Follow this easy tutorial to use a heat gun to thaw your outdoor spigots.
Disclosure: This post is sponsored by Wagner. All opinions, images and love of DIY projects are 100% mine.
I have a fun winter heat gun project to share today that’s helpful for those of us in cold climates.
If you’ve ever had frozen pipes or frozen outdoor spigots, you know it can quickly turn into a huge mess.
To solve this problem, we use our Wagner FURNO 750 heat gun to thaw the ice inside our outdoor spigot.
This prevents the ice from continuing to freeze/expand inside the spigot as it gets colder and colder out, which can lead to broken spigots and a big mess. No thank you!
I’m always amazed at how many projects you can do with a heat gun! (I’ll link to a bunch at the end of this blog post – the possibilities really are endless!)
- Wagner FURNO 750 heat gun (also available here)
- Extension cord (if needed)
- Heat resistant gloves (wear while the heat gun is on)
How to thaw your outdoor spigots:
1. Pick the correct attachment.
The FURNO 750 comes with four attachments. The Glass Protector Nozzle is best for thawing your outdoor spigots.
2. Turn on your heat gun and set the temperature.
Press the red power button in the upper left.
The heat gun turns on to its default temperature of 650 degrees F. Press the red “-” button in the lower left to decrease the temperature to 180 degrees F.
Let the heat gun warm up. I love propping the heat gun on top of its case since then you know it won’t fall over and accidentally burn anything.
The FURNO 750 manual lists various uses for the heat gun and the recommended heat settings for each, so always consult that if you’re using the heat gun for a project but aren’t sure of the temperature!
Also keep in mind, if you’re not sure what temperature to set your heat gun at, start lower. It’s easier to slowly increase the temperature and add heat than it is to start a whole project over because you used too much heat!
3. Hold the heat gun perpendicular to your outdoor spigot.
Be careful not to point the heat gun at your siding or you’ll risk melting your siding.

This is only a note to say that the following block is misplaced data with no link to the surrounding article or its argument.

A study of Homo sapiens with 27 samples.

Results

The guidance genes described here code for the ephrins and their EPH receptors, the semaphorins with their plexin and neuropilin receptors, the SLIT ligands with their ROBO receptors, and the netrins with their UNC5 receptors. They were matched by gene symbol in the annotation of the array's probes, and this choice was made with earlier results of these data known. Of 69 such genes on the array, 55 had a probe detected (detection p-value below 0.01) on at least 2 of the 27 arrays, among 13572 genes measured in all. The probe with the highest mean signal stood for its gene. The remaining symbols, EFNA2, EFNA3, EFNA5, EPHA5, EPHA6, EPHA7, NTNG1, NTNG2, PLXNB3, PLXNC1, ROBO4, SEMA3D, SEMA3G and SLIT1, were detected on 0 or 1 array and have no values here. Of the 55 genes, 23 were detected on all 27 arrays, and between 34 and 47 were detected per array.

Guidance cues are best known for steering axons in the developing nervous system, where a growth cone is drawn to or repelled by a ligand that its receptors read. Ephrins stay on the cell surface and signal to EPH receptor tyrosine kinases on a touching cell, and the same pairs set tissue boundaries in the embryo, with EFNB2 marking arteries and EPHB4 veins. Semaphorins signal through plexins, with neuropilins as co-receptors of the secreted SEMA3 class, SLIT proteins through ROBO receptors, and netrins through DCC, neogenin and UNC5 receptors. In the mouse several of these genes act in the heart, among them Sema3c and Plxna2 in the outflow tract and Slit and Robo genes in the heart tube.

(We actually had our grill too close to the siding once and melted it – not the best look! At least it’s in the backyard!)
Keep the heat gun there for a couple of minutes to ensure you’re melting all of the ice inside of your outdoor spigot. You’ll see drips of water coming out.
Depending on the placement of your spigot, you can also point the heat gun at the spigot from the side. Just don’t hold it there too long and risk melting your siding!
As you can see, our spigot is in a corner, but we can still point the heat at it from one side, which is nice just to be sure we get all of that ice/water out of there!
4. Let your heat gun cool.
I love that the FURNO 750 has a cool down feature. Press the red power button again.
Then place the heat gun back in that slot on top of its case.
The heat gun will automatically turn off in 30 seconds.
5. When your heat gun is cool, unplug it, take the attachment off, and put the heat gun and attachment away.
And that’s it! Such an easy winter project, but oh so important for preventing outdoor spigots from freezing and bursting!
Be sure to head to my Instagram account, too for a quick video of this project in action! Just click on my Story to watch it.
For more heat gun project ideas, check these out:
- DIY Christmas icicle ornaments with a heat gun
- How to crackle paint with a heat gun
- How to clean a grill with a heat gun
- How to burn wood with a heat gun (DIY Christmas trees)
- Or check out even more ideas on Wagner’s website!